Desert Bird of Paradise

Botanical Name: Caesalpinia gilliesii

Category: shrub

Divisible: No

Common Name: Desert/Yellow Bird of Paradise

Evergreen: No

Propagation: Cutting, seed

Family: Legume

Invasive: No

Size: can reach 10′

The Desert Bird of Paradise is classified as a shrub but can actually look more like a small tree. Although a non-native plant it is well-adapted to the high desert. Soft, lacy, fernlike foliage provides the back-drop for exotic yellow flowers with long, protruding red “feathery” stamens that bloom repeatedly for most of spring through fall.

Extremely drought tolerant it is deciduous and can look totally dead during the winter. Once temperatures warm it comse back to life and grows vigorously. It is high-heat tolerant and  it attracts butterflies, bees and hummingbirds.

My Experience:

I don’t like to do a lot of trimming of trees – in my opinion natural shapes are best. However, the Desert Bird of Paradise is definitely prettiest when pruned out as a very small , multi-trunk tree. If left alone it can become a messy shrub or a leggy tree.

Pruning is best done in the spring  while removing winter damaged branches.

Desert Bird of Paradise will sometimes self sow. You may find a new one popping up in the spring!

Growing Desert Bird of Paradise  from Seed

When blooms have faded protect the seed pods by covering with a baggie or organza bag. The pods will “pop” open and drop their seeds.

No cold stratification of seeds is necessary however the hard seed coating must be scarified before planting.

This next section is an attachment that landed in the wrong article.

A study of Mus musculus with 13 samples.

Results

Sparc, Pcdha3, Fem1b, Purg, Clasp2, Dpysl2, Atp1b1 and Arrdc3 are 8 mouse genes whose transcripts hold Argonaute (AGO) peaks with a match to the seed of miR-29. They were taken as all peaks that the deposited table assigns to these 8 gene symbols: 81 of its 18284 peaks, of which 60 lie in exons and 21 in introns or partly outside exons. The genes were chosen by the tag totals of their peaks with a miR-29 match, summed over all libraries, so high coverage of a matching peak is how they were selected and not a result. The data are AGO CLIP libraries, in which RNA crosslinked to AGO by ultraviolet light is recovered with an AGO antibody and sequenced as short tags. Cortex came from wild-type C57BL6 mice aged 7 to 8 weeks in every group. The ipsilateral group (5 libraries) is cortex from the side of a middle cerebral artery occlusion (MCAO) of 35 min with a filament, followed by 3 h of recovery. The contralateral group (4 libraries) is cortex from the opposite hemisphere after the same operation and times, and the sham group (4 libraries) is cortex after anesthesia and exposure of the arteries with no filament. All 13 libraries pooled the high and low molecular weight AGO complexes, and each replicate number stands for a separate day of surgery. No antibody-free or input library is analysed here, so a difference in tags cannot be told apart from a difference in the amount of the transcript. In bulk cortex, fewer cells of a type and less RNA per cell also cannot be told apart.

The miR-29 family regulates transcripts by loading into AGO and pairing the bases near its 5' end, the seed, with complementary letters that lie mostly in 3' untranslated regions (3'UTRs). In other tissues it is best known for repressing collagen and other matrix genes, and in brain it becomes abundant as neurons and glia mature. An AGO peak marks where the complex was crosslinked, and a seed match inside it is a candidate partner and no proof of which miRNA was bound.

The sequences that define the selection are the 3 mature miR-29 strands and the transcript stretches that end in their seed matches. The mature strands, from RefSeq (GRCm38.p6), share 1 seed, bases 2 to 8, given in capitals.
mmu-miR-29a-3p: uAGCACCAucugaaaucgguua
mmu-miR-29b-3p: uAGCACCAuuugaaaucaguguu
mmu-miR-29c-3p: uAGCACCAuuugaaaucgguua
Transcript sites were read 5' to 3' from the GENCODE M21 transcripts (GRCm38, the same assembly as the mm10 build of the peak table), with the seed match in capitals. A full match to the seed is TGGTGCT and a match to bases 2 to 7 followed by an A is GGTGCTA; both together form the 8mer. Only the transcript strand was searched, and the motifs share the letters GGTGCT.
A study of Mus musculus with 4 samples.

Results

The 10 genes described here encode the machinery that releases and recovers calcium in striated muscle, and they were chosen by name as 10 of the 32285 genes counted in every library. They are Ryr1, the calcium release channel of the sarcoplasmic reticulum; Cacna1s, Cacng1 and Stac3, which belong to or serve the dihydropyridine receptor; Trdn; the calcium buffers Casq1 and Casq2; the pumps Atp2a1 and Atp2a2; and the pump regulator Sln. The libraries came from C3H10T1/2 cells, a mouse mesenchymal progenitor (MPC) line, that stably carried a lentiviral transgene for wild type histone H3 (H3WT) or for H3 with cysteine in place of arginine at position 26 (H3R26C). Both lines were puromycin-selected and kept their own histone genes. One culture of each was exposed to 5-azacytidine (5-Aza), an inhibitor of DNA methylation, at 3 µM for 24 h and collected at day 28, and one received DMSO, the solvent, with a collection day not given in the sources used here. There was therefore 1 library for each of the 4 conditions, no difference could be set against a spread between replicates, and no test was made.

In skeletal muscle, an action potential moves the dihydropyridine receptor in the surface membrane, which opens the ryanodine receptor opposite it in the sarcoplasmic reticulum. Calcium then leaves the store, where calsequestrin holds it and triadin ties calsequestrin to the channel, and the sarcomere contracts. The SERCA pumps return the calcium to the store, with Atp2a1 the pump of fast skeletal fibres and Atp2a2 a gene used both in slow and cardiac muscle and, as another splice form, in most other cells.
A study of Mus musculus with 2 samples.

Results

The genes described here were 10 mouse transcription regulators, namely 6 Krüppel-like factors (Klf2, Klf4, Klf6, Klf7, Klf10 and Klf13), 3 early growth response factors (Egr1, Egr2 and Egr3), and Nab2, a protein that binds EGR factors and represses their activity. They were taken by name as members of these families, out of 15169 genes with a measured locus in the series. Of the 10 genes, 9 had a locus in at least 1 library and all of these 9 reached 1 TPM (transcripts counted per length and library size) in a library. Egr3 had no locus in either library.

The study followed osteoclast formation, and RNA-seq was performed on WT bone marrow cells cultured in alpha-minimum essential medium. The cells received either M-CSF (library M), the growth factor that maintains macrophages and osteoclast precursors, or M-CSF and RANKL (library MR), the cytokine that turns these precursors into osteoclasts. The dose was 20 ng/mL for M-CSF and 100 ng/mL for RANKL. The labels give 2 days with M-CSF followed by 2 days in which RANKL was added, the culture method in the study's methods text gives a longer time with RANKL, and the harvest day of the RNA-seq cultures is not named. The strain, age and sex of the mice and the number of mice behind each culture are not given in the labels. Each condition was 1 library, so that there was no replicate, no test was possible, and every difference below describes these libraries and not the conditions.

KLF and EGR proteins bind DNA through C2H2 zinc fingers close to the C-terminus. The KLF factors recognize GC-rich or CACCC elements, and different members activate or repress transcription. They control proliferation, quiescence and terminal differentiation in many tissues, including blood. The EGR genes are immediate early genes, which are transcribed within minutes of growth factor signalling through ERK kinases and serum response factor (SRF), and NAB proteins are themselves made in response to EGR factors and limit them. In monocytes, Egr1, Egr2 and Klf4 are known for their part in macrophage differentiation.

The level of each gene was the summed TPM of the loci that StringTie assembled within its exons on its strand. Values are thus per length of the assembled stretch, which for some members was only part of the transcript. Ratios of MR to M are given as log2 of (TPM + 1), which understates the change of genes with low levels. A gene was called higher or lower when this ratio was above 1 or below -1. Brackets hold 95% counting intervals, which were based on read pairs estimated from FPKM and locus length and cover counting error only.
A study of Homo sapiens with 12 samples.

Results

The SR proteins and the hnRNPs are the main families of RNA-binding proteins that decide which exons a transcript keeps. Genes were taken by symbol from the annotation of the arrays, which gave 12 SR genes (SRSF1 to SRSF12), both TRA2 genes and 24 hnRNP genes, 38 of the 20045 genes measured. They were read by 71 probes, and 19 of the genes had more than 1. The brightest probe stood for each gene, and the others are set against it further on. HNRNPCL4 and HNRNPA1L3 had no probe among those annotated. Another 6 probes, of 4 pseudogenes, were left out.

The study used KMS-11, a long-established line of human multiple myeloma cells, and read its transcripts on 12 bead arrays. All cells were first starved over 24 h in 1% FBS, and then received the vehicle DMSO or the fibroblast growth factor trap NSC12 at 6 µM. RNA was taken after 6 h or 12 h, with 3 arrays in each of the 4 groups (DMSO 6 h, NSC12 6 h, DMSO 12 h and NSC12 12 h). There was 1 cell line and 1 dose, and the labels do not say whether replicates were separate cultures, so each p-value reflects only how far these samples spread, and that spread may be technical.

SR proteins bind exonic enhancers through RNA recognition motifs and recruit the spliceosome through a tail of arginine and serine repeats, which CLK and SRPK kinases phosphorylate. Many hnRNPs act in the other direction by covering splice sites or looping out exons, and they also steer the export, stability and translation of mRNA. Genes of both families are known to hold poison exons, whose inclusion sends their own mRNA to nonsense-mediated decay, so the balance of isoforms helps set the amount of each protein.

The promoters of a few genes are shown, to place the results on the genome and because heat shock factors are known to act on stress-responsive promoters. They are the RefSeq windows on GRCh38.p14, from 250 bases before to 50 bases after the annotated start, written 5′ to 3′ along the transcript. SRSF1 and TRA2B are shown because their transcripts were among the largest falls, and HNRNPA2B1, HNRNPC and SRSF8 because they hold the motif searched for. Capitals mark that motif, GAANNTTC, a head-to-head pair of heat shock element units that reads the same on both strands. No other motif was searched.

The easiest and fastest way is to:

  • Immerse seeds in boiling water and let sit overnight. Remove plumped seeds and the process can be repeated for those that have not plumped.
  • Rinse plumped seeds and allow to sit in water until root begins to emerge – about 2 to 3 days. Rinse seeds every day.
  • Once you have tiny roots appearing place seeds on damp paper towel – not too wet – and put in a covered container. Within a few days you will have long roots and seeds that are ready to be planted.

Direct Sowing:

  • You can sow them in early spring planting in loosened soil however indoors starts will give you larger plants for spring sowing.

Indoor Start:

  • Place your seeds in a soilless potting mix being careful to make room for the roots. Do not plant too deep – allow the top of the seed to peak out above the soil level.
  • I do not cover mine with plastic as they seem to mold. Keep them at a moderately warm temperature and out of direct sunlight until the shoots have developed. Keep moist but not saturated.
  • Once you have shoots put them in a sunny spot until spring. As they grow they will need less water.


Practical advice from a home gardener

I am Deborah Valiquet – artist and obsessive gardener. Here you will find my advice for creating a garden oasis in the high desert. I’ll share my experiences – successes and failures over the last 10+ years. 

Even if your garden isn’t in the high desert you will find lots of valuable information here. Let’s dig in!